Canadians become 1st females to race World Cup doubles luge
Caitlin Nash and Natalie Corless, of Whistler, B.C., Canada are seen during the first run of doubles luge during the Viessmann Luge World Cup in Whistler, B.C., Saturday, Dec. 14, 2019. Nash and Corless are the first all woman double luge team in the history of the sport. THE CANADIAN PRESS/Jonathan Hayward
The Associated Press
Published Saturday, December 14, 2019 7:20PM EST
WHISTLER, B.C. - Caitlin Nash and Natalie Corless made luge history Saturday, becoming the first female team to compete in a World Cup doubles race.
The 16-year-olds from Whistler combined to finish 22nd in a field of 23 sleds, though that seemed largely irrelevant. There have been four-woman teams in what is typically called four-man bobsledding, but luge has never seen a pairing like this until now.
“It's crazy,” Nash said after the race. “I don't think it's sunk in yet.”
The German sled of Toni Eggert and Sascha Benecken won the race in 1 minute, 16.644 seconds. Germany's Tobias Wendl and Tobias Arlt finished second and the Russian team of Vsevolod Kashkin and Konstantin Korshunov placed third for their first medal of the season.
The U.S. team of Chris Mazdzer and Jayson Terdiman placed 11th.
But the story was the Canadian teens, who qualified for the World Cup event on Thursday. They were nearly a half-second behind any other finisher and almost 2.7 seconds back of Eggert and Benecken. But they'll forever be able to say that they were winning the race at one point - a technicality because they were the first ones down the hill at the Whistler Sliding Center, but accurate nonetheless.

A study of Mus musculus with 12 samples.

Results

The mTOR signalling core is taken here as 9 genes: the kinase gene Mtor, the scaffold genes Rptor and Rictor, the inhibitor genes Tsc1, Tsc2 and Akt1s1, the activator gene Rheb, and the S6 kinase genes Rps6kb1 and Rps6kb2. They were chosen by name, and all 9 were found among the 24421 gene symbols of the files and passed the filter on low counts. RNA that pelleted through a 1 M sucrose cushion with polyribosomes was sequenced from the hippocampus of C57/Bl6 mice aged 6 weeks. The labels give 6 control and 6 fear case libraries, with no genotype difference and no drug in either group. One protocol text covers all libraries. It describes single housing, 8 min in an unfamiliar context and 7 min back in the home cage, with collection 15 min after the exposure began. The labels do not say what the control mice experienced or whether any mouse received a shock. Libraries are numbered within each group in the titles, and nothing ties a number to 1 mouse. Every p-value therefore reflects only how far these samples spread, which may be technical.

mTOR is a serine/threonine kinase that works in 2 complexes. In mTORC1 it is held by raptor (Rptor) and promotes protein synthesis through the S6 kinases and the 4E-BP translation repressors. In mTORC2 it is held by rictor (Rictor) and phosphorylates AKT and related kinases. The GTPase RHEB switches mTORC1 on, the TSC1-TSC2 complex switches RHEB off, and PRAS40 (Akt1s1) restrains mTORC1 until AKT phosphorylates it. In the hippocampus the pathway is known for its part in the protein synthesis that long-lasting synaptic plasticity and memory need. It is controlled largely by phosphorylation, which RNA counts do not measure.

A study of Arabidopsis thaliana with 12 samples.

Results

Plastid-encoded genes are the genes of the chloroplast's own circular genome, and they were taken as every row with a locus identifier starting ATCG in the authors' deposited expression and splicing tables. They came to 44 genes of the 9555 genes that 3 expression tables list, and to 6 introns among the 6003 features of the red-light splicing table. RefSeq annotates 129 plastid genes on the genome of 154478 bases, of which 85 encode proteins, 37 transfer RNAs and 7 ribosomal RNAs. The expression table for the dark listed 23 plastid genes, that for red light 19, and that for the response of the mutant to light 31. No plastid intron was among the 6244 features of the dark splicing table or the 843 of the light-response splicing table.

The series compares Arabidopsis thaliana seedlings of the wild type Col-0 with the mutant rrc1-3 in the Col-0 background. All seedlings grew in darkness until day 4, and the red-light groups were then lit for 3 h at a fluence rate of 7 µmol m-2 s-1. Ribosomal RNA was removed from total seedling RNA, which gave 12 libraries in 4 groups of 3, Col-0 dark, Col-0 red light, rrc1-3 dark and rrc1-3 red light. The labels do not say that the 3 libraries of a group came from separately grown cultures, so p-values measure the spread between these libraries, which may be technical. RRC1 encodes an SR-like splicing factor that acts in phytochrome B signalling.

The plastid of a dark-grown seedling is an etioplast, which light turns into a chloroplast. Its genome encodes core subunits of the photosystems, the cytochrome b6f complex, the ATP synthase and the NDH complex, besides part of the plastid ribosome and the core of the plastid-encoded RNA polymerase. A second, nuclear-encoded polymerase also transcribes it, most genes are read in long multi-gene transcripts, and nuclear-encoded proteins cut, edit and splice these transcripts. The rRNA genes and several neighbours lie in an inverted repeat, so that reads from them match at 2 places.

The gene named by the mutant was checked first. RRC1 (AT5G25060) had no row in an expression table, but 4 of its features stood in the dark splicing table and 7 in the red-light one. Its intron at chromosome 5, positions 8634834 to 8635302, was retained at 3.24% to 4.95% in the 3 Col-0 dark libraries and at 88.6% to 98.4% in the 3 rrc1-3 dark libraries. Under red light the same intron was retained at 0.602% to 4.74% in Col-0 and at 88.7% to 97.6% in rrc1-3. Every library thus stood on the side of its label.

“Pretty crazy,” Corless said. “We proved that women can do this. We showed that today.”
The only sled they beat was the Italian team of Ivan Nagler and Fabian Malleier, who crashed in the second heat.
There are women's singles and men's singles races on the World Cup luge circuit, but there is no rule saying doubles teams must be composed of two men. There have been more female doubles racers at the junior level in recent years, and it was generally considered to be just a matter of time before it happened at the World Cup level.
That time became Saturday.
Canada had the chance to qualify a second sled into the doubles field because some teams typically on the circuit chose to skip this weekend's stop, and Nash and Corless got into by successfully finishing a Nation's Cup qualifying race on Thursday.
They were 11th in that race out of 11 sleds, more than a full second behind the winner and nearly a half-second behind the closest finisher. But all they had to do was cross the line without crashing to get into Saturday's competition, and earned their spot in the luge history books as a result.
“We wanted to lay down two consistent runs, pull a good start,” Nash said. “We had a couple goals in mind and we achieved those so we're super happy. We just showed everyone what we can do, so we're super happy.”